Are you as much of a jerk in real life?
If the Internet is good for anything, it's showing just how dysfunctional we all can be as people. Through the magic of social media, in the span of a few keystrokes, we can effectively alienate and infuriate everyone we call a "friend."
So how did we reach this point? What is it about the Internet that makes it so attractive to be passive-aggressive — and more importantly, how did it become so acceptable?
When someone pisses you off, one of the hardest things to do is confront that person with how you really feel. It's tough for some to own up to their anger and say what they mean as they mean it.
Many people, on the whole, are non-confrontational, and that's probably for the best. That said, there's nothing easier than sending out a subtweet or random Facebook post to strike at an unwitting victim. It can be done from a smartphone, tablet or laptop, and it can be done from the comfort of just about anywhere.
Generationally speaking, many millennials weren't taught to be assertive, or even know how to manage simple emotions in a direct fashion. Life spent online only magnifies those flaws, so by comparison, sending out a pissy subtweet sulking about whatever grave injustice just happened is both simple and often effective.
Sometimes that subtweet or random post will seem to not have a target — but it always does. With the protection that comes from typing from the safety of one's own computer or smartphone, it's simple to artfully (if not tactfully) go after anyone at any time, and because everyone has "friends" or "followers", there's an instant captive audience.
For the most part, the level of anonymity the Internet affords us also gives us a platform that few of us have, and that led to a growing number of unsophisticated people who speak without any filter whatsoever. That lack of sophistication rears its head not only in passive-aggressive tweets and posts but also in the way people digest what they read.
Because typing words 140 characters at a time omits facial expressions or non-verbal cues, any attempt at sarcasm is often misread as someone being serious, and without that level of communication, it's easy for disagreements to devolve into catty back and forth exchanges that only make things worse.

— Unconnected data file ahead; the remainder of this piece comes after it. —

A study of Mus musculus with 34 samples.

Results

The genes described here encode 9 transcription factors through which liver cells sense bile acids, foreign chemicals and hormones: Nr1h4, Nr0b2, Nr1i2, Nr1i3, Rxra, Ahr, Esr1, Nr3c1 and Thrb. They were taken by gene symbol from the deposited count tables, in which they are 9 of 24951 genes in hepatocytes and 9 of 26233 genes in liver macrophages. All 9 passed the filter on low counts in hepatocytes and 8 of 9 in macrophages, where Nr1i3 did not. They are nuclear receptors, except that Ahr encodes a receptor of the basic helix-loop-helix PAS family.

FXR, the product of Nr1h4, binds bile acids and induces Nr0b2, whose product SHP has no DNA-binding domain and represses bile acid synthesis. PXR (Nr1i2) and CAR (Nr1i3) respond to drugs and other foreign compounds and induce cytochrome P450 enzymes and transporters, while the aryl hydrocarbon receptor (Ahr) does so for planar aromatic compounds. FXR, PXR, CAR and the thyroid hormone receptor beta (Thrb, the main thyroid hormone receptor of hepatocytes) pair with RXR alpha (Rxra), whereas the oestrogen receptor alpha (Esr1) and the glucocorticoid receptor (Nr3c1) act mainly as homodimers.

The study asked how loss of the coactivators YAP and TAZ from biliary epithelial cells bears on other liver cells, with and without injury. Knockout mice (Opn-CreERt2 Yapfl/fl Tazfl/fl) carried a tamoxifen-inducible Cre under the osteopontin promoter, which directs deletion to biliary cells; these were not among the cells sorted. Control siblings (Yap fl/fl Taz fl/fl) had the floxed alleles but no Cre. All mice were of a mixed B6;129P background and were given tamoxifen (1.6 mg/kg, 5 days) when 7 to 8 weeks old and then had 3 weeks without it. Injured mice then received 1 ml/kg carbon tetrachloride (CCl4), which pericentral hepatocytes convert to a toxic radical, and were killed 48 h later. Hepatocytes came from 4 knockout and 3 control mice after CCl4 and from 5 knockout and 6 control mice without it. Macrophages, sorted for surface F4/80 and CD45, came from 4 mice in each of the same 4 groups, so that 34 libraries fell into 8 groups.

The anonymity and perceived safety of being passive-aggressive online also brings with it overly-negative side effects. Because so many conversations online are one-sided, people often say whatever they want, without thinking about the potential consequences.
Every day, people are outed for rude and often bullying tweets and posts that end up going viral. Despite the fact that people have been known to lose their jobs or suffer some form of public ridicule, due to what they say online, there's always someone ready to sacrifice themselves to the wolves of the Internet, whose justice is both swift and every bit as unsophisticated as the accused.
That's right, our passive-aggressiveness is so bad that it not only affects those who intend to offend but also infects those who take it upon themselves to call out the offender.
Take, for example, the controversy surrounding gun control. People from both sides of the issue took to the Internet to voice their support or displeasure, and it was here that the passive-aggressiveness flowed like cheap box wine.
It wasn't important to have reasoned conversations about such a sensitive topic. Instead, things devolved quickly into back and forth squabbles where people openly attacked one another for their views, all masked under the guise of making a point, or at least trying to.
The more time we spend online, the easier it becomes to operate in a way that practically avoids confrontation. Behind the safety of a keyboard, bombs of cruelty can fly as if they were fired from a military drone. A person can hit their targets from miles away and there's little to stop them.
By the very nature of things, passive-aggressiveness on the internet is here to stay, for better or worse, and until people are held accountable for what they say and do online, this is a problem that will only get worse before it gets any better.